In the wake of winning major legislation in Springfield, top Commonwealth Edison and other energy executives threw a fundraiser for then-House Speaker Michael Madigan that included glowing remarks from ComEd CEO Anne Pramaggiore, a utility vice president testified Thursday.
Keisha Parker, now vice president of external affairs for ComEd, told jurors in the “ComEd Four” bribery trial that she helped raise funds for the September 2014 event and wrote a draft speech for Pramaggiore that called Madigan “an asset to Illinois and all of us in this room.”
The goal for the fundraiser was to raise $125,000 for the Democratic Party of Illinois, one of Madigan’s key campaign war chests. Among the biggest donors: Roosevelt Group, headed by longtime Democratic operative Victor Reyes, whose law firm was hired by ComEd in what prosecutors alleged was a scheme to win Madigan’s influence.
The “internal hosts” of the event — which took place less than a year after ComEd’s “smart grid” legislation became law — included Pramaggiore, then-Exelon CEO Chris Crane, and Crane’s No. 2 at Exelton, Bill Von Hoene, Parker said.
Parker testified she was at the event, but does not recall whether Pramaggiore used the exact words that were in the draft. But her words were definitely “positive” toward Madigan, she said.
Along with Pramaggiore, the defendants in the sweeping bribery case are Michael McClain, a former ComEd contract lobbyist and one of Madigan’s top confidants; John Hooker, a longtime ComEd lobbyist; and Jay Doherty, a ComEd lobbyist and previous chief of the City Club of Chicago.
The indictment alleged ComEd poured $1.3 million into payments funneled to ghost “subcontractors” who were actually Madigan’s cronies, put a Madigan-backed candidate on the ComEd board, and gave coveted internships to families in his 13th Ward, all part of an elaborate scheme to keep the speaker happy and help the utility’s legislative agenda in Springfield.
[ ‘ComEd Four’ bribery trial: What you need to know ]
The defendants’ attorneys contend that the so-called scheme was nothing more than legal lobbying, part of the state’s high-stakes, often-messy politics where myriad interest groups and stakeholders compete for access to lawmakers.
Madigan and McClain, meanwhile, are facing separate racketeering charges alleging an array of corrupt schemes, including the bribery plot by ComEd.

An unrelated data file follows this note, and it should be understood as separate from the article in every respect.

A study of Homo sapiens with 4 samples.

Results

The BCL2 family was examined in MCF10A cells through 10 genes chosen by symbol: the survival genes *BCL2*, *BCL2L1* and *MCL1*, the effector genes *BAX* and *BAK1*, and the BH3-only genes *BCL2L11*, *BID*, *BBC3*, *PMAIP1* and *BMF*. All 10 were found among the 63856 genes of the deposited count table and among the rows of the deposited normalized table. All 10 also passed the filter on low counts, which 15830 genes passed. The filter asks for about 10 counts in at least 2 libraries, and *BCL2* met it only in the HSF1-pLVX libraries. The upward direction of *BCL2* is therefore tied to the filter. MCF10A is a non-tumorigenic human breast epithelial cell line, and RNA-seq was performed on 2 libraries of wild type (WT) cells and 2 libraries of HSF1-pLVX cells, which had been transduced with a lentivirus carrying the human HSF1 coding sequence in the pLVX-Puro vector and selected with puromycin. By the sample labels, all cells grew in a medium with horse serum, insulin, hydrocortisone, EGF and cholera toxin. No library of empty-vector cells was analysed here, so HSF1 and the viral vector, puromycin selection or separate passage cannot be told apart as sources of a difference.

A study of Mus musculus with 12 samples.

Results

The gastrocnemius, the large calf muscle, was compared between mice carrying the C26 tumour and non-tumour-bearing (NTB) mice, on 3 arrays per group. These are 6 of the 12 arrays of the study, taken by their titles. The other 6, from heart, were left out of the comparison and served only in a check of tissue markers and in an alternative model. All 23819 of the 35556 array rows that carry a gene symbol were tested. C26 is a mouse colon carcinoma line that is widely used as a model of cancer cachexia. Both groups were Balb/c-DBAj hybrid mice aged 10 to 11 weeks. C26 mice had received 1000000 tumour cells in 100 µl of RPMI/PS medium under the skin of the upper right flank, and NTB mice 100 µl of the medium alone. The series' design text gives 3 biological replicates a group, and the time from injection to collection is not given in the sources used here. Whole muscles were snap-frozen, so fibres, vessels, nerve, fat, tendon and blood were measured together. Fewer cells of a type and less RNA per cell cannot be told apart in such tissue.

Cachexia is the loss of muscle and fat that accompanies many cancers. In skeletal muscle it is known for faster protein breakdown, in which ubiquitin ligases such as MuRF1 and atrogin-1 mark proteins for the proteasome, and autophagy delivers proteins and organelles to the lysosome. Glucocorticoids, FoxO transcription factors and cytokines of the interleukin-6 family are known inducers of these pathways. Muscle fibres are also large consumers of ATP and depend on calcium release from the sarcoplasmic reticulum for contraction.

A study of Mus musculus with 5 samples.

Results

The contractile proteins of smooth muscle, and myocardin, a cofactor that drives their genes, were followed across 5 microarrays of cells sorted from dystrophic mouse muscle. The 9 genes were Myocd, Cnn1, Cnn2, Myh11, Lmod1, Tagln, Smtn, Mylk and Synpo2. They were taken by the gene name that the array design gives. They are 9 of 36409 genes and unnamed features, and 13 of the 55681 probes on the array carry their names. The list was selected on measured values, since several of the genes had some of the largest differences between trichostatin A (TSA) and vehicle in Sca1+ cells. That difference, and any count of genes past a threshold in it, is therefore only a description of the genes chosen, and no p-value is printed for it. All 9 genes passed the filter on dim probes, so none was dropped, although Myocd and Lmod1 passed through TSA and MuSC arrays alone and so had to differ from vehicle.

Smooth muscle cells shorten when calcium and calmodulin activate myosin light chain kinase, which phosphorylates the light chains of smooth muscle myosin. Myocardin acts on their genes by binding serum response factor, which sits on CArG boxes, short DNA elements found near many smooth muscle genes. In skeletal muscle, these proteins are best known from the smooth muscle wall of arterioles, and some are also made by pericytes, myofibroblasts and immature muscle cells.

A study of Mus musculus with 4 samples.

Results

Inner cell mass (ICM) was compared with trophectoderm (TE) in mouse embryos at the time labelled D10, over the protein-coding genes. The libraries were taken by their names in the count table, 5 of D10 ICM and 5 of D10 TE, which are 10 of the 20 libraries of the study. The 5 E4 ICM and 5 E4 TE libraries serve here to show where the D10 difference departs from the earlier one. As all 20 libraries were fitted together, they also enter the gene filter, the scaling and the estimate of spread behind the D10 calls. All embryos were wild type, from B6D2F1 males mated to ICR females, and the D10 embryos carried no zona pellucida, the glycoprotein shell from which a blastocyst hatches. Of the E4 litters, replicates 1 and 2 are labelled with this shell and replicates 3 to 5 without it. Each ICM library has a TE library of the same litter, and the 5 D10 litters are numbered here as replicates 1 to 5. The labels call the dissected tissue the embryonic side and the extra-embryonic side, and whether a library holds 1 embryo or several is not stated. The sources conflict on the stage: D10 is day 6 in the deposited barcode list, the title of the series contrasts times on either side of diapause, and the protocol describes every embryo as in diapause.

In her testimony, Parker told the jury that she was tasked in 2014 with adding Edward Moody, a top Madigan precinct captain, to Doherty’s consulting contract with ComEd. Moody, she said, was a “subcontractor,” and since ComEd didn’t have enough funds in its consulting budget to cover it, they had to take money from Pramaggiore’s budget.
Moody was hired at a rate of $4,500 a month. According to prosecutors, Moody did next to nothing for ComEd over they next several years, but the money kept rolling in.
During Parker’s direct testimony, jurors were shown a copy of Moody’s resume submitted to ComEd. Among his work history: The Cook County Highway Department, “jury manager for the Office of Chief Judge in Cook County’s Bridgeview courthouse, and owner of Joy Janitorial Services.
Under “Interests” Moody listed: “Sunday school teacher.”
Assistant U.S. Attorney Diane MacArthur also took Parker through a series of emails related to fundraisers that were being organized by McClain as well as general thoughts from Parker and her colleagues about the political situation in Springfield.
That August, Parker wrote to a colleague: “McClain … Speaker- they are the same. Ha. Later, she emailed another colleague, saying, “Whew! I’m tired just listening to all the work McClain is putting in to jerk us around.”
And in the wake of Republican Gov. Bruce Rauner’s election in November 2014, some of Parker’s colleagues wondered wondered whether there had been a power shift in Springfield. “I just asked Em if Madigan is still in the driver’s seat? I mean what about Rauner???” a colleague asked in one email shown to the jury.
Parker responded: “You know Daddy is in charge. (Rauner) who??!!”
Parker testified that by “Daddy,” she meant Madigan.